STV to launch 'Scottish Seven' news programme

TV studio Image copyright Thinkstock

STV is to launch a news programme combining Scottish, UK and international coverage.

STV News Tonight will be broadcast on a renamed STV2 channel every week night at 19:00 from Glasgow.

It will use STV's resources from across Scotland backed up by ITV's international and UK news teams.

The broadcaster said it would be the first time all news coverage relevant to Scottish viewers would be brought together in a single programme.

STV News Tonight will be the flagship news programme on STV's city network.

In addition to Glasgow and Edinburgh, three new licences - Aberdeen, Ayr and Dundee - will be added in early 2017 with the network of services rebranded as STV2.

'Fresh and distinctive'

Bobby Hain, director of channels at STV, said: "We're committed to delivering choice for our consumers and we believe there is an appetite for a nightly news programme that combines Scottish, UK and international news.

"STV News Tonight will be produced and presented live from Glasgow, drawing on the newsgathering resources of both STV News across Scotland and ITV News worldwide.

"We're building on the success of the existing STV News output that reflects the lives of audiences in Scotland.

"Our existing Channel 3 news service is localised from studios in Aberdeen, Dundee, Edinburgh and Glasgow with seven bulletins daily. Our city TV service offers hourly updates.

"STV News Tonight will complement the existing schedule of bulletins with an editorial brief that is fresh and distinctive."

What now for local stations in Scotland?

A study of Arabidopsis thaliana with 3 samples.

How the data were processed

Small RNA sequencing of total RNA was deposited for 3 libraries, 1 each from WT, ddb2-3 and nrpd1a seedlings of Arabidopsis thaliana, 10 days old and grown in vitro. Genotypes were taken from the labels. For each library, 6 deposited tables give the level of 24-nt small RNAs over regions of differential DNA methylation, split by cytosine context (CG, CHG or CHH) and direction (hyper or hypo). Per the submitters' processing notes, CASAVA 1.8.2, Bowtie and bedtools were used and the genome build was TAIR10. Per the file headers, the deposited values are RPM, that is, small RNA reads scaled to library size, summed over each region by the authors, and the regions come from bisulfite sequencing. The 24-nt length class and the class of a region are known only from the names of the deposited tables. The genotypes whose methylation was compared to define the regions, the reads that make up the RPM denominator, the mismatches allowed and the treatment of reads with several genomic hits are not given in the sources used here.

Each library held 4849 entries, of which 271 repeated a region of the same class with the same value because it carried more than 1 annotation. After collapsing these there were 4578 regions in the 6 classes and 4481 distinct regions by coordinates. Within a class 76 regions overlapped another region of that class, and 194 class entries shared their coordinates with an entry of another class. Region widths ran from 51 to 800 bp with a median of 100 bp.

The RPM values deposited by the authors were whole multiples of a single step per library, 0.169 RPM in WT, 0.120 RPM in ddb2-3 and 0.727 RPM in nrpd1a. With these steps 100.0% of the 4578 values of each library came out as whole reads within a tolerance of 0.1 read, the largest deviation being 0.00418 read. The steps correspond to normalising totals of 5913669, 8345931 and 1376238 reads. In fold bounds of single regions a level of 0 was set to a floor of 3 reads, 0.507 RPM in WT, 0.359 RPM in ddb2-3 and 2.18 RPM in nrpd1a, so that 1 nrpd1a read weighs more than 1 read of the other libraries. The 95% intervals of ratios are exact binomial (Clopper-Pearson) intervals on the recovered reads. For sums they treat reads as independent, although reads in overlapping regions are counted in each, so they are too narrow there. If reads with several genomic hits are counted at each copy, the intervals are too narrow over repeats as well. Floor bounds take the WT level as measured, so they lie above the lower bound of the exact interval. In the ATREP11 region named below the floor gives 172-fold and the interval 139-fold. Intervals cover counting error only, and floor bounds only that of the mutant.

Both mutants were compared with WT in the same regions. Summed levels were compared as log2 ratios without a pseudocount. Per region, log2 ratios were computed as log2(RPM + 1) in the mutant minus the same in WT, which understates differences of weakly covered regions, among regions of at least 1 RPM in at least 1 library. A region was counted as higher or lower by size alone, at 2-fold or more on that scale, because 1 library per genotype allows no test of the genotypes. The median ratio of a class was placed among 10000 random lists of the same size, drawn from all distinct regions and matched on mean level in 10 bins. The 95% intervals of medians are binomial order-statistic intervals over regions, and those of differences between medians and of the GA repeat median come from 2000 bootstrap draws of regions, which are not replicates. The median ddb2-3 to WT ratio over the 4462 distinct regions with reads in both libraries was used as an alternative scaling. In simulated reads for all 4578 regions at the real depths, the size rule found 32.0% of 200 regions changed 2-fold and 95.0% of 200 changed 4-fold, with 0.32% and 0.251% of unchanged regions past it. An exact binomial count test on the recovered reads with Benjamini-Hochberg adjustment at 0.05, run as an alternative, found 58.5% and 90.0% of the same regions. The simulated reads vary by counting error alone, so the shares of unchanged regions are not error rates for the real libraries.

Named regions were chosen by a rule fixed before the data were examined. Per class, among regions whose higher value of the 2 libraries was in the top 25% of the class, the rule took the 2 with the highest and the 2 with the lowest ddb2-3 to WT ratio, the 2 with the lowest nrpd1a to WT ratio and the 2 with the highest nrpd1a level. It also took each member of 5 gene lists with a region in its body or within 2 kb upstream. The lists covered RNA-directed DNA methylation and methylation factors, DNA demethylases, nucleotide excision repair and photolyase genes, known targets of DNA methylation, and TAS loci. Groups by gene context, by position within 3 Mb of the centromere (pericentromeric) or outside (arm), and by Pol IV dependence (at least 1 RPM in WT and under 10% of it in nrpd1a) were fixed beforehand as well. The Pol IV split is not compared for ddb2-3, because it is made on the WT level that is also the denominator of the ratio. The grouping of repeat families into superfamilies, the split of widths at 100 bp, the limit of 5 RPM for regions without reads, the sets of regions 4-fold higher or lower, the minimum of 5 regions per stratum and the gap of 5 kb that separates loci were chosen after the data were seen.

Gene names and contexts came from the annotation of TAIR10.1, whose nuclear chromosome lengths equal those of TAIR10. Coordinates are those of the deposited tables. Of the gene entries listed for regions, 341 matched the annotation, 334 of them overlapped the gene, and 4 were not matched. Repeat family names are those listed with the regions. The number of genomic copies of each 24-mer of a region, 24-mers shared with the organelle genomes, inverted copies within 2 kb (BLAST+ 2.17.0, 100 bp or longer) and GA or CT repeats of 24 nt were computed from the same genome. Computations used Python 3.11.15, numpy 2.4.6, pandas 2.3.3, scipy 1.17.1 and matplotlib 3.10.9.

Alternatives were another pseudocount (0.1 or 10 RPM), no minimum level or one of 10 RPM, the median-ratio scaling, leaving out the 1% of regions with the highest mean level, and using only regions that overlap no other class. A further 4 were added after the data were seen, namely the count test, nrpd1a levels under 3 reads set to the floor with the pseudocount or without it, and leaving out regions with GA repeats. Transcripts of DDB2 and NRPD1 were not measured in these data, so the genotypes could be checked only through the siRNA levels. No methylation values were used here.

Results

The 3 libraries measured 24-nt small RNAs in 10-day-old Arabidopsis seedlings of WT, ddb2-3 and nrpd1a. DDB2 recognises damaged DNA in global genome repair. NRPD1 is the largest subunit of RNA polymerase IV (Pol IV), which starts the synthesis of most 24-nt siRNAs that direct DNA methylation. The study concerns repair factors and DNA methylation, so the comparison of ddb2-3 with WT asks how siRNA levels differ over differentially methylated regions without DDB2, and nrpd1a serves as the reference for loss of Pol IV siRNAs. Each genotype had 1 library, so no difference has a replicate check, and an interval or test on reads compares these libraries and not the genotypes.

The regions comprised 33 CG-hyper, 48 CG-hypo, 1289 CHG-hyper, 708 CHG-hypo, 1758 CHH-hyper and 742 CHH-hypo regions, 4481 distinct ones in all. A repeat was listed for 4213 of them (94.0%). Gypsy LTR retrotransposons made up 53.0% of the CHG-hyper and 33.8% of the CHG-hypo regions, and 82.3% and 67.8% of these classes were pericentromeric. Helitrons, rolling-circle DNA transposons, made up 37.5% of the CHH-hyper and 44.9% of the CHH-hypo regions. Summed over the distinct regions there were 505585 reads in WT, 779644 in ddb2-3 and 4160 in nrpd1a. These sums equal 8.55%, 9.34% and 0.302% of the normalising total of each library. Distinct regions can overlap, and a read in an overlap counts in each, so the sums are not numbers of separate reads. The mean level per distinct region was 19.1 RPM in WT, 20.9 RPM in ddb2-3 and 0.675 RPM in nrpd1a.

Analysis by Jamie McIvor, BBC Scotland correspondent

The two existing STV local stations typically attract about 40,000 viewers every day, although viewing figures for individual programmes are modest. STV Glasgow is already breaking even.

When STV was awarded the licences, the company specifically said the new stations would "not be an STV2".

Long-term campaigners for local TV may see STV's latest move as confirmation of what they argued might happen if any established company was given local TV licences.

Although they may not dispute the merit of STV's operation, they might argue that the offering is closer to traditional regional television - or Scottish national TV - than the radical local TV some wanted.

Supporters would point to the local output from each city, the learning opportunities provided to university students and the opportunities for local advertisers, some of whom might not be able to afford to advertise on the company's main channel.

The former UK culture secretary Jeremy Hunt championed local TV - he argued it could play a role in strengthening local democracy.

Some of the stations set up by new companies in other parts of the UK have struggled - whereas there is no doubt that STV's have had a far smoother ride.

The development will be watched with interest as the BBC continues to examine the possibility of a "Scottish Six" - an hour-long programme on BBC1 Scotland covering Scottish, UK and world news which would replace the current set-up of half an hour of network news from London followed by Reporting Scotland.

There are no plans for significant changes to the news programmes on STV's main channel.